Advice to a first year international student in The Netherlands

TransferWise content team
20.07.17
4 minute read

Anna Blake, British student at the University of Groningen, Netherlands


I have successfully completed my first year at the University of Groningen. A time I both longed for, as it signified the end of exams, but also that I never wanted to come, since it meant leaving the student house that became my home and family.

But this isn’t going to be a blog for mourning. These people will all still live in the same city as me and I’m already excited to see them again. I’ve appreciated this year so much and want to give some advice I wish I could have known before starting my beginning my studies overseas.

friends

A degree abroad isn't a holiday
When I made the choice to study in the Netherlands, I viewed it as a sort of semi-permanent holiday. My mindset was that if I moved to a foreign country I would always be on holiday, slightly overlooking the getting a degree aspect. In hindsight, this was not my best move. I have enjoyed myself no end, but my grades suffered the consequences at times.

The thing that makes a holiday a holiday is an absence of work, where you can relax and have fun. However, this is not the attitude one should have whilst trying to obtain a law degree.

While taking leisurely strolls by the grassy canals, I tried to convince myself that everything was fine, but in the back of my mind, there was an ever-present lingering voice repeating ‘I should be studying, I should be studying’. I became good at quashing that voice and followed those canals to the end, but the only destination they led me to was misery when my first set of grades came out.

That isn’t to say you shouldn’t explore your new city – of course you should, but be realistic with timing. Perhaps you should take that city boat tour on a Sunday afternoon, rather than as a frantic escape from studying the day before your exam.

My second piece of advice I wish someone had told me is that teaching methods at University are very different from sixth form. But just because you are not achieving the best grades possible, it doesn’t mean that you are any less intelligent.

In the past I’d always got away with minimal studying for exams and thought this same approach could be applied to revision at university. I was very much in the mindset of leaving it until the last minute and pull an all nighter for studying. This was a big mistake. Rather than doing well, I only scraped a pass and I took this to heart, suddenly feeling a bit sub-par amid so many super intelligent people. But again, I was wrong.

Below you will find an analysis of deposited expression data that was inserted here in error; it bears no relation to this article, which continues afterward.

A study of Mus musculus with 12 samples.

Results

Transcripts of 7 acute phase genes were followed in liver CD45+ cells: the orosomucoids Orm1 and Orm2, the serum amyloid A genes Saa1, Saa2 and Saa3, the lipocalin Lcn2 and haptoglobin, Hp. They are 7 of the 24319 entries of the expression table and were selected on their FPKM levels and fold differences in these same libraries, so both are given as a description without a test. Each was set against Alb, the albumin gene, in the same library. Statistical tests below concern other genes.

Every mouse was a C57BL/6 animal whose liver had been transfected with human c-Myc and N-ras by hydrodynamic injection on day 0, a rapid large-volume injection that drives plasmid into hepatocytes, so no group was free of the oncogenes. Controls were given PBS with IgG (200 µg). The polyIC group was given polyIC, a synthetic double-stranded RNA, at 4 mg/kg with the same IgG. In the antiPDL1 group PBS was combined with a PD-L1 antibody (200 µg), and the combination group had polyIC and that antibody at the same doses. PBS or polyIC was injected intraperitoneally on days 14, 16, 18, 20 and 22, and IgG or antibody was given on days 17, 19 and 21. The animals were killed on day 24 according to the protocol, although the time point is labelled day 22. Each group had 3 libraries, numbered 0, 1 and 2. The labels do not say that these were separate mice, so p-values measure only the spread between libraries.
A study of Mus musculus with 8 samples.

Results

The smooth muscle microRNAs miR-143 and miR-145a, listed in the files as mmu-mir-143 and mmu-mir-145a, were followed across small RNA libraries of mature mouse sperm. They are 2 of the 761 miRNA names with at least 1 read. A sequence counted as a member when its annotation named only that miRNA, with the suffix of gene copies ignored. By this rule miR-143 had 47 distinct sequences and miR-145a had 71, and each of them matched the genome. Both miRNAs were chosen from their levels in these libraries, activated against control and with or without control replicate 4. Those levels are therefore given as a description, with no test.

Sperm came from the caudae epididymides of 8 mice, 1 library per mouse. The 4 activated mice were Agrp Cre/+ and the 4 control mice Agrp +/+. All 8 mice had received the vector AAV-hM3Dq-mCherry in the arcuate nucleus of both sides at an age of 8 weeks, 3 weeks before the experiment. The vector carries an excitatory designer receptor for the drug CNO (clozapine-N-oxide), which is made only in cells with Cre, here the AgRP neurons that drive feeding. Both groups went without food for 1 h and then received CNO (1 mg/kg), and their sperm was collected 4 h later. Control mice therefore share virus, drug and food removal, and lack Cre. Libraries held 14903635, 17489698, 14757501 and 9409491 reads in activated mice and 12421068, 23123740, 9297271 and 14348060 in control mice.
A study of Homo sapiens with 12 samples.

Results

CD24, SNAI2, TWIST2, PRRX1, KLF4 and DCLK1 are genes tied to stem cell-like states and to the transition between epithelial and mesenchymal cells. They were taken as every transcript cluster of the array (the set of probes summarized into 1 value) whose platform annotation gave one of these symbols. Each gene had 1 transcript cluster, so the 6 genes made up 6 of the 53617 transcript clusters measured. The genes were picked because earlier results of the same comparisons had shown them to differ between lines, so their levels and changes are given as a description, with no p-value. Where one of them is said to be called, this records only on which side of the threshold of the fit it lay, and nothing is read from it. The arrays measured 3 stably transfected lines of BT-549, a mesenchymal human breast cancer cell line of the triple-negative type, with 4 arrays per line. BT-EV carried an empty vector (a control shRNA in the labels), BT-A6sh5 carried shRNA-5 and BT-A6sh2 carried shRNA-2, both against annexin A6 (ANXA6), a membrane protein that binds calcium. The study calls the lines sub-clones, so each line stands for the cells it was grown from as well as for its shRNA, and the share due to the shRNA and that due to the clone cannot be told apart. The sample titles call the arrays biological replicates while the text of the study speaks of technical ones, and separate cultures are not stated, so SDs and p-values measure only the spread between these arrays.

Teaching methods at university for me have largely consisted of one person standing up and lecturing you for two hours. If you lose your trail of thought for five minutes, it is very difficult to get back on track.
Rather than getting disheartened like I did, perhaps create other inventive ways to study, such as study groups with friends and writing flashcards. This will make concepts easier to grasp and help you to gain a better understanding of your subject.

Learn the language
A huge piece of advice to my former self would be to learn the language of the country you are moving to. In my case, I didn’t find it necessary to learn Dutch due to the fact so many people in the country spoke a fluent level of English. In hindsight, it now seems silly to remain in ignorance, as learning the language would have allowed me to make many Dutch friends and finding a job would have been easier.

Most Universities, including the University of Groningen, will offer free language courses for the local language, therefore it's an easy and effective way to integrate into your new home.

Don't hold back
This has to be my most important piece of advice. Throw yourself out there and delve into every opportunity you possibly can, whether that be joining windsurfing classes or becoming sufficiently fluent in a new language.

Living in the Netherlands over the past year has helped me to learn about and meet so many people from different cultures, but has also strengthened and educated me as a person in a way that staying at home never could have. It has pushed me far beyond my comfort zone, which in turn allowed my comfort zone to expand.